05 What could an Abundant Africa movement look like?
Looking at history, it is clear that the tides often turn because of the emergence of a movement for change, united around common stories and values.
The scale of change we need for an Abundant African economy requires not just policy shifts but the wholesale transformation of lifestyles, institutions and systems.
Churches in Africa are central to this endeavour given their scale; relational networks; organising capacity; their reach to grassroots, grasstops and the elites; and trusted position in society. At the centre of many successful secular movements you will find a Christian core holding the ethical heart of the movement. This Christian core needs to grow and be like yeast within dough.
People of faith within movements and public spheres can help catalyse an African epiphany – a shared moment of great clarity and revelation – through their vision and courageous imagination. Such change will require brave, selfless, valuesdriven leaders with a desire for change who can organise a large-scale grassroots movement and can seize opportunities that arise.
By acknowledging our history and current context, we recognise that Africa is a complex environment dealing with multifarious, interdependent problems that “can only be solved peacefully if the people who are part of the problem[s] work together creatively to understand their situation and improve it.”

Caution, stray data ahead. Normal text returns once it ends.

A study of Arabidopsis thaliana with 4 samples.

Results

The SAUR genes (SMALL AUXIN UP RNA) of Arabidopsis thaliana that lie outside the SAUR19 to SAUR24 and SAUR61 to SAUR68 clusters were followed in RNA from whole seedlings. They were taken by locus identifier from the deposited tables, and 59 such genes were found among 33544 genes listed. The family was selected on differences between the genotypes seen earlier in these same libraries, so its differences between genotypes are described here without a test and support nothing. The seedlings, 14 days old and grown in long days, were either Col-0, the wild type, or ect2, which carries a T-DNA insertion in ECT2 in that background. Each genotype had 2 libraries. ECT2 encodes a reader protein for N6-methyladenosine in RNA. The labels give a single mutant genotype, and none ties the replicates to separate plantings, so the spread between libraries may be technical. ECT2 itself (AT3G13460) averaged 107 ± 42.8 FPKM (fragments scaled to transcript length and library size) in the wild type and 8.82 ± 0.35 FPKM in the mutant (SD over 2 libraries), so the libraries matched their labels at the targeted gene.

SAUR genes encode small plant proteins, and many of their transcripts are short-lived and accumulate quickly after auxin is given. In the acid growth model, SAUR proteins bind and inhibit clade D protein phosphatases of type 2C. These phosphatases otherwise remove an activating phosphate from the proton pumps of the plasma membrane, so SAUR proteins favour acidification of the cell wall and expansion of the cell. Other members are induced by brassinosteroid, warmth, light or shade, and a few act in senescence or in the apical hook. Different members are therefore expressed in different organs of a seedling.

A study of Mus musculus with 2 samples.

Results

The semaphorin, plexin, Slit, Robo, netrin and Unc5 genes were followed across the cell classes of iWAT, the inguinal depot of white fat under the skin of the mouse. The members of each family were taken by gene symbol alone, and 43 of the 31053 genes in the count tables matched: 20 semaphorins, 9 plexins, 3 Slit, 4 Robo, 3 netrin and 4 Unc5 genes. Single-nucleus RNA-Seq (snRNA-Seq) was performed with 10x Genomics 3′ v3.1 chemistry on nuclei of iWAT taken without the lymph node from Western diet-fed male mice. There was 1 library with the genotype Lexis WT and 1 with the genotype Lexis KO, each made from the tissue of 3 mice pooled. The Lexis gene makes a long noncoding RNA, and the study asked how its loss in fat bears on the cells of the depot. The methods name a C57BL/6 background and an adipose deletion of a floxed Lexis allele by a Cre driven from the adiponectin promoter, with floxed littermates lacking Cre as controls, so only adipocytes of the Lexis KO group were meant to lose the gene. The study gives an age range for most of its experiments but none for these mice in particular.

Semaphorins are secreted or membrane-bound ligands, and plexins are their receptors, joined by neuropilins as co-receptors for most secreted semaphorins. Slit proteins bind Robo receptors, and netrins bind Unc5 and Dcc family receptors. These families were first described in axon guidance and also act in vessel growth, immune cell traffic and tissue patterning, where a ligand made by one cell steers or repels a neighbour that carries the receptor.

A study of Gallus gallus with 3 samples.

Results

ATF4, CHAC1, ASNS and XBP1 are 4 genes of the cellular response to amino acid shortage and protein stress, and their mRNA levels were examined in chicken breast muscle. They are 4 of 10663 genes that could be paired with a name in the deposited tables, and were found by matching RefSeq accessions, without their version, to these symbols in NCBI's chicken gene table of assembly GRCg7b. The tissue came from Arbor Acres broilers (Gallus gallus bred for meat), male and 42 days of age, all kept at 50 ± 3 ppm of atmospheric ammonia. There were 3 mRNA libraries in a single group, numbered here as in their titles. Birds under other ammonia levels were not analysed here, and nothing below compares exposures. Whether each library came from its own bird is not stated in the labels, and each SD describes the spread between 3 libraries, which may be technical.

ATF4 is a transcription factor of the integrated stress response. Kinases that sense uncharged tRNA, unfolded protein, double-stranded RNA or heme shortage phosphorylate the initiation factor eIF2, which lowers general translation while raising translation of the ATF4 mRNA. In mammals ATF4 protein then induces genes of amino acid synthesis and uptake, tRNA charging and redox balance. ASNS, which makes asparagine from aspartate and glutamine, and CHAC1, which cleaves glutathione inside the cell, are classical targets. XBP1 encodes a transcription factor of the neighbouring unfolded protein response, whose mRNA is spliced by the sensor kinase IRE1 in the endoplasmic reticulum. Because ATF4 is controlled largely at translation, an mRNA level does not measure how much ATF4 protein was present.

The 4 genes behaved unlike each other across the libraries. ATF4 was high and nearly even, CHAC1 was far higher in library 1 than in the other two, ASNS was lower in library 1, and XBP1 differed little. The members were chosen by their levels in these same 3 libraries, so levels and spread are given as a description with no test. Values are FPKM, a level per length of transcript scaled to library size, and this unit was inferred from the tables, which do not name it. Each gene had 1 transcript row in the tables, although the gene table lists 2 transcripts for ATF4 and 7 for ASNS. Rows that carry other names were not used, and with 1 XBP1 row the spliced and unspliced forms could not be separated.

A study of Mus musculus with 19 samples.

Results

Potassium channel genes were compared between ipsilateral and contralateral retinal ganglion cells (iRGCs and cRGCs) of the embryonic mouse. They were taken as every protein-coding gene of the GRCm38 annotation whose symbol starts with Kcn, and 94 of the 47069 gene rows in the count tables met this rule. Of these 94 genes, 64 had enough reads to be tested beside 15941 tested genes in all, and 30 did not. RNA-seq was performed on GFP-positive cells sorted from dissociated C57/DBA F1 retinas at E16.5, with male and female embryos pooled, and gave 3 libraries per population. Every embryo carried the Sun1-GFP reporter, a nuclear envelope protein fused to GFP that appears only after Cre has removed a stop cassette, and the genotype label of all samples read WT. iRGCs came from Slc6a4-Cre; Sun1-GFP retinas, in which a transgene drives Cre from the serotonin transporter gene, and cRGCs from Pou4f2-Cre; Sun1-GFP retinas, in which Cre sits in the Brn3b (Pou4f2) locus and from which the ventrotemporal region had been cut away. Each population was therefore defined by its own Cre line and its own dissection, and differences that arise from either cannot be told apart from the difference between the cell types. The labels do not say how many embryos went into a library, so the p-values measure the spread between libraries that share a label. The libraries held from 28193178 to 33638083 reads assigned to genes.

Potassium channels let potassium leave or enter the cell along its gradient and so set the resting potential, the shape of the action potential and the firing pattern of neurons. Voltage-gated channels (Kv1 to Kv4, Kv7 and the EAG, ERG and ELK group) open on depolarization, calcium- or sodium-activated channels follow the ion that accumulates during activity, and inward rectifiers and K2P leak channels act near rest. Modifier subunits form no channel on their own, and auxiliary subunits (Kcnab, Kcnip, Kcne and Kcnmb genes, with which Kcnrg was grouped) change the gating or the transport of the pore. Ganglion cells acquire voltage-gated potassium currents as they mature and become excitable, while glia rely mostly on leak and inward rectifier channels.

But Africa is no stranger to powerful social movements. Movements have shaped the story of our continent – from church planting and evangelism initiatives spreading the gospel; liberation groups bringing independence from colonialism; post-independence social movements like the Green Belt Movement and Treatment Action Campaign advocating for the environment and healthcare; and contemporary youth movements like #EndSARS or #FeesMustFall challenging the status quo.
Africa also has scores of less well-known movements led by inspired and courageous leaders working to improve their communities and nations. An Abundant Africa movement does not require the start of something new, but rather the identification and connection of emerging Christian movements that share common values and which are willing to work within a broader multi-sectoral movement to serve our continent.
As we face our Joseph kairos moment, these movements will need to rise up to respond to the challenges and opportunities we face.